I love Autumn de Wilde’s film adaption of Emma (2020). The dialogue! The music! The cinematography! And did I mention the costuming? Alexandra Byrne, the costume designer for the film, really outdid herself—and she has an impressive list of film credits and accolades, including an Oscar for Best Costumes for Elizabeth: The Golden Age. She paid exceedingly close attention to historical detail, while taking some minor creative license to visually convey character traits (like Mrs. Elton’s absurd hair!).
But there’s more to the design than historical accuracy. Byrne leveraged the dynamism of the Regency wardrobe to create a wide variety of colorful, eye-catching looks while simultaneously telling a story about wealth and class in Austen’s day.
For example, compare Emma’s rotating assortment of fitted pelisses (a kind of women’s coat) and chic spencers (a fitted jacket) with Harriet’s basic red cloak. Given her wealth and status, Emma’s wardrobe is not just larger than her friend Harriet’s: it is filled with higher-quality, more fashionable garments. By one viewer’s count, Emma owns nine different jackets—a not unreasonable number for her station, but still a stark contrast with Harriet’s options.
Harriet, like the other girls at her finishing school, mainly wears a simple red “cardinal” or “riding hood” cloak in the film. These simple cloaks were pretty standard in rural areas, but the style was on its way out in the early nineteenth century to make way for the trim styles Emma wears.
When the two characters stand next to each other, the contrast is clear. Emma’s outfit outshines Harriet’s more homely look. Small design choices like these shape our impressions of the characters at a glance, even when we may not have the full historical context of the costuming.
There is one aspect that the wardrobes of Emma, Harriet, and all women of this period share, and that is versatility. If the colorful frocks of Emma have inspired you to incorporate some historical inspiration into your personal style, this is the best place to start! The multiple layers and various accessories in Regency style allowed women to create new combinations of dresses, petticoats, chemisettes (a kind of underbodice), and so forth to make new outfits. Meanwhile, fresh trimmings would be used to transform last year’s dresses and bonnets, even for women of Emma’s station. So really, the simplest way to pay homage to Regency fashion is to remix the pieces you already own!
If you are in the market for new pieces that capture the spirit of the film itself, it’s time to break out the frills. Byrne incorporates extra collars and ruffles at just about every turn; similar details are an easy way to adapt Emma to modern times, especially with tops, dresses, and skirts in frothy pastels.
For more ideas, here are some pieces that evoke the colors and history of Emma.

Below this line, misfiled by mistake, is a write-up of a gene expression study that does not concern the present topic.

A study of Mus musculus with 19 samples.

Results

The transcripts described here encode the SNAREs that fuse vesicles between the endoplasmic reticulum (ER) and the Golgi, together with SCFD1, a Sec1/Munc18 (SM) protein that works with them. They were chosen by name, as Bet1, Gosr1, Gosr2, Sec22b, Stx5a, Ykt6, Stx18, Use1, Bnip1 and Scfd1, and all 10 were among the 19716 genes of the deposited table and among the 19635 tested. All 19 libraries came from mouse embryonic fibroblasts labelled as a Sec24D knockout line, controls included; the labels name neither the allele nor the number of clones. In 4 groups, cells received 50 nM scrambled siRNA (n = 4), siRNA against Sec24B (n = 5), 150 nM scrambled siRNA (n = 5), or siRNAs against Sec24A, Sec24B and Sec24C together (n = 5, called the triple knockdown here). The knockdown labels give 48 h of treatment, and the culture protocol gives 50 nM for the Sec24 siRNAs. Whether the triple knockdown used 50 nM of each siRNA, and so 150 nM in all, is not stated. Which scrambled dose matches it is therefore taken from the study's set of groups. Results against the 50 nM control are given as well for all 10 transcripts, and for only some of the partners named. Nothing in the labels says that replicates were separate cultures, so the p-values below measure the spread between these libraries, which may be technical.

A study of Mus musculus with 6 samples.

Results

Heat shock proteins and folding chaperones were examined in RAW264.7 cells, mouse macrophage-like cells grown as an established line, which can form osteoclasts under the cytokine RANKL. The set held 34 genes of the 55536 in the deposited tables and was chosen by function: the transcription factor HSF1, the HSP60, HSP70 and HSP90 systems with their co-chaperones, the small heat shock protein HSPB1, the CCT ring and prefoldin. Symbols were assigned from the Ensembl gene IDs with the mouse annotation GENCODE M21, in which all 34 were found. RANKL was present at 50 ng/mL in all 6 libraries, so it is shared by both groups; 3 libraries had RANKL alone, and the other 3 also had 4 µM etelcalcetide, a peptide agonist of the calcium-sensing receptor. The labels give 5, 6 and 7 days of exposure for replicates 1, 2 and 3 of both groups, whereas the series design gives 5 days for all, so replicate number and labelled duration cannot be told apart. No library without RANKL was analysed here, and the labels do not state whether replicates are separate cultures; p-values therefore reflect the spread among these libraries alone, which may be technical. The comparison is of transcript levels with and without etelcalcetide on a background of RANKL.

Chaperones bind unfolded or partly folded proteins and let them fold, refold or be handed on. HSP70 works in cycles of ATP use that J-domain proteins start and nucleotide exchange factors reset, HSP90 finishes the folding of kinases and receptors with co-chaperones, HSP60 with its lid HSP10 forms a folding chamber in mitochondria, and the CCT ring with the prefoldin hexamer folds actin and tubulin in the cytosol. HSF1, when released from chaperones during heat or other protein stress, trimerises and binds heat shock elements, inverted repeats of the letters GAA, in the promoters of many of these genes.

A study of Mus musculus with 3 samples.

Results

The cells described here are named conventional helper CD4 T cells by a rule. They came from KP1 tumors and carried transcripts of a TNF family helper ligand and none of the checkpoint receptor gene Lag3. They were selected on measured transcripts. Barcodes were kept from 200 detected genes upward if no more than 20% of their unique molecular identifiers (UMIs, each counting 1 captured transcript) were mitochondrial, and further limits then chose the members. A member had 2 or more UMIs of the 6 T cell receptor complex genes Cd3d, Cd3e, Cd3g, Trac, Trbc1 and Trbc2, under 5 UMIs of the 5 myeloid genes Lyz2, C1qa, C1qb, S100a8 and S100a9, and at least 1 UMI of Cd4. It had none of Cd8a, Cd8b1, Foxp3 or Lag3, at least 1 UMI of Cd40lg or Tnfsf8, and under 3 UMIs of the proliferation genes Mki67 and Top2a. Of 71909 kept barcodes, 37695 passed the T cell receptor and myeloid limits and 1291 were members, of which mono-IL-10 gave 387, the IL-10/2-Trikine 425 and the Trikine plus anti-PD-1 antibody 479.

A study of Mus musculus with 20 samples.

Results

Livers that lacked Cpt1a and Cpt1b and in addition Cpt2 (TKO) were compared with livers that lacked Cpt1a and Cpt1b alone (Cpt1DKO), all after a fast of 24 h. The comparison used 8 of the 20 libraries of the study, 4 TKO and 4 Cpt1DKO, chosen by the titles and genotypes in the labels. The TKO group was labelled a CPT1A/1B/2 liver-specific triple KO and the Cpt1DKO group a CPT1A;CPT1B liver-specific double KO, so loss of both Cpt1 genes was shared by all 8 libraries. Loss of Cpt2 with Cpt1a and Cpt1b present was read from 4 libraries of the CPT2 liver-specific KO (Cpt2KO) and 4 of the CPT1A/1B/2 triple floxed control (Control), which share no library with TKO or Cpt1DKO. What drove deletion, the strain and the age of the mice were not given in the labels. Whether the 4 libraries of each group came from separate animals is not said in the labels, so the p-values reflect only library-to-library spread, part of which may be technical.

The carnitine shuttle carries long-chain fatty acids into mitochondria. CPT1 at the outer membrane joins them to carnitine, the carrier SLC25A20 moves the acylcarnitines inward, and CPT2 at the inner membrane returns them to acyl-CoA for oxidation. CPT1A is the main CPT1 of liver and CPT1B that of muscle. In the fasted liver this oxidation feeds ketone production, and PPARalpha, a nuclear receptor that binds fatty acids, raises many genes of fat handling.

The yellow pelisse is impossible to miss: not only is the garment featured on the official theatrical poster, this striking shade commands attention whenever it appears in the film. Byrne cleverly incorporates yellow throughout the film—Mr. Knightley and Frank Churchill each sport yellow coats in turn, Mrs. Elton favors yellow dresses, and even Harriet incorporates the color into her dresses, albeit in a more muted shade.
Yellow is basically the power color of the film. The brighter and more dominant the shade, the more influence and confidence the character wields. This symbol comes full circle when Harriet asserts herself in a scene with Emma towards the end of the film while wearing a bright pair of yellow leather gloves.
Besides serving a function in the film, this color is simply drop-dead gorgeous in its own right, and yellow is an instant mood booster. Experiment with various shades to find what works for your skin tone, or incorporate it in smaller ways, like amber earrings or a delicate beaded bracelet.
White muslin dresses are practically the hallmark of the Regency era. Proper undergarments helped to create the iconic slim, empire-waist silhouette often seen in Austen films. Colored petticoats and hem embellishments could transform a sheer muslin gown into an entirely new dress, which made these dresses not just pretty but practical.
Modern attire may not admit of quite as much versatility, but it is still possible to capture the look with a white sundress, preferably made of a natural and breathable fiber like cotton or linen. Look for details like buttons, ruffles, and embroidery to evoke the trimmings of the period.
And let’s not forget accessories. Reticules—basically, small coin pouches or purses—were an easy way for women to accessorize and to show off their skill with various handicrafts like knitting and embroidery. Emma herself carries half a dozen different ones in the film. If you want to go the DIY route and craft your own reticule, there are a variety of coin purse patterns online that could be adapted for the purpose. However, I think that the closest modern parallel to a reticule would be a clutch or wristlet, preferably one with a lot of detailing like this bee purse, beaded envelope clutch, or rose wallet.